Hearing loss is typically accepted as simply a normal part of getting older: as we get older, we begin to hear things a little less clearly. Perhaps we need to ask people to speak up or repeat themselves when they talk. Perhaps the volume on our TV keeps going up. We might even notice that we’re becoming forgetful.
Memory loss is also normally considered a natural part of aging as dementia and Alzheimer’s are much more widespread in the senior citizen population than in the younger population at large. But is it possible that there’s a connection between the two? And, better yet, what if there was a way to address hearing loss and also preserve your memories and mental health?
Hearing loss and cognitive decline
Most people don’t associate hearing loss with cognitive decline and dementia. But if you look in the right places, you will find a clear connection: if you’re experiencing hearing loss, even at low levels, studies have shown there’s a significant risk of developing dementia or cognitive decline.
People who have hearing loss also often have mental health issues such as depression and anxiety. The key point here is that hearing loss, mental health issues, and cognitive decline all impact our ability to socialize.
Why does hearing loss impact cognitive decline?
While there isn’t any solid finding or conclusive proof that hearing loss causes cognitive decline and mental health issues, there is some link and several clues that experts are looking at. They think two main scenarios are responsible: your brain working harder to hear and social isolation.
Studies have demonstrated that anxiety and depression are frequently the result of isolation. And when people have hearing loss, they’re less likely to socialize with others. Many individuals who suffered from hearing loss find it’s too hard to participate in conversations or can’t hear well enough to enjoy things like the movie theater. These actions lead to isolation, which can lead to mental health issues.
Additionally, researchers have discovered that the brain often has to work overtime to make up for the fact that the ears don’t hear as well as they should. Eventually, the part of the brain in charge of other tasks, like holding memories, has to use some of its resources to help the region of the brain responsible for hearing. Cognitive decline will then progress faster than normal as the overtaxed brain strains to keep up.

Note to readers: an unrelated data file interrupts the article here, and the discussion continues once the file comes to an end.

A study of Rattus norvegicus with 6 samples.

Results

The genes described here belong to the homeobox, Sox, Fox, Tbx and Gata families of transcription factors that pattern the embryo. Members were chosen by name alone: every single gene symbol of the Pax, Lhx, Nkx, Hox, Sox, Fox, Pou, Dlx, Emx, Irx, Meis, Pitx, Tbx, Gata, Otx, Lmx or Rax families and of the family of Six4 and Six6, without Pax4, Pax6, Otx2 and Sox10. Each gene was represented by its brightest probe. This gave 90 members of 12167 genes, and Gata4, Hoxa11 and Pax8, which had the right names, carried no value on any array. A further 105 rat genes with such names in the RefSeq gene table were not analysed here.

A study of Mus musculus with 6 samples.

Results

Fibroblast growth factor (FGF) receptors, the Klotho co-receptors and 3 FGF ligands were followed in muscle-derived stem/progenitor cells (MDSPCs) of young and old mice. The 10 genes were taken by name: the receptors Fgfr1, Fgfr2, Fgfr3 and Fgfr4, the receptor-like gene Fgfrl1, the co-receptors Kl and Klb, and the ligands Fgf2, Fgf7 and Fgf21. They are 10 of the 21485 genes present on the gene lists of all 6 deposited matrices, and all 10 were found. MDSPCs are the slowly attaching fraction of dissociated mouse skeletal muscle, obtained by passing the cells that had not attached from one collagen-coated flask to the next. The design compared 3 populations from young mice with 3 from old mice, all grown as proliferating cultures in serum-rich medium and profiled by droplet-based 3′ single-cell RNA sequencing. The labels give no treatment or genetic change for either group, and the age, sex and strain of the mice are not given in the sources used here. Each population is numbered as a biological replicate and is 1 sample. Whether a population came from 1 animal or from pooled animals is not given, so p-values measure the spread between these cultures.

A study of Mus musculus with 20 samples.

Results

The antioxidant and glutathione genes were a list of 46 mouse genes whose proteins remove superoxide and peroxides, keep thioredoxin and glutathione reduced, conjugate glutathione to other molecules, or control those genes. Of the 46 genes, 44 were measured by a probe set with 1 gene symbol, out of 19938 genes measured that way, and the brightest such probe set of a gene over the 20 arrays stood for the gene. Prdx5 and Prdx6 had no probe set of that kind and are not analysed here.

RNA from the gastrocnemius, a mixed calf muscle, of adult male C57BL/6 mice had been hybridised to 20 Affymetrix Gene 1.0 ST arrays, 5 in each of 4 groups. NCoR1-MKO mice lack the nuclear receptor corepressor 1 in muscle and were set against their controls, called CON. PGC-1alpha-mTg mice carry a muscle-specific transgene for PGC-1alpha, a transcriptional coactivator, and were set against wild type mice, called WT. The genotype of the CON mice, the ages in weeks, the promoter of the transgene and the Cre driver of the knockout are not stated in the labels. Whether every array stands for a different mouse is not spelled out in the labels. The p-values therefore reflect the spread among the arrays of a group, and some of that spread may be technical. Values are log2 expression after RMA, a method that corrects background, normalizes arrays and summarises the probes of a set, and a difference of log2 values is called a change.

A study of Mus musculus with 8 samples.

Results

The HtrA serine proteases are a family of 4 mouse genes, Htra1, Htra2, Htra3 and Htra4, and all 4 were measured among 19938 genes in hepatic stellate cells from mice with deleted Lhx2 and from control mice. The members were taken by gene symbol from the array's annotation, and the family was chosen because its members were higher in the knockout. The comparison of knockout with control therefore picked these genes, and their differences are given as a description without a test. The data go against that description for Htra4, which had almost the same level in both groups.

Using hearing aids to prevent cognitive decline
Hearing aids are our first line of defense against cognitive decline, mental health problems, and dementia. Research has revealed that patients improved their cognitive functions and were at a decreased risk of developing dementia when they used hearing aids to fight their hearing loss.
If more people wore their hearing aids, we might see less instances of mental health issues and cognitive decline. Of all the individuals who require hearing aids, only between 15% and 30% actually wear them, that’s between 5 and 9 million people. Nearly 50 million people cope with dementia as reported by the World Health Organization estimates. For many people and families, the quality of life will be enhanced if hearing aids can reduce that number by even a couple million people.
Are you ready to improve your hearing and maintain your memory at the same time? Contact us today and make an appointment for a consultation to learn whether hearing aids are right for you and to get on the path to better mental health.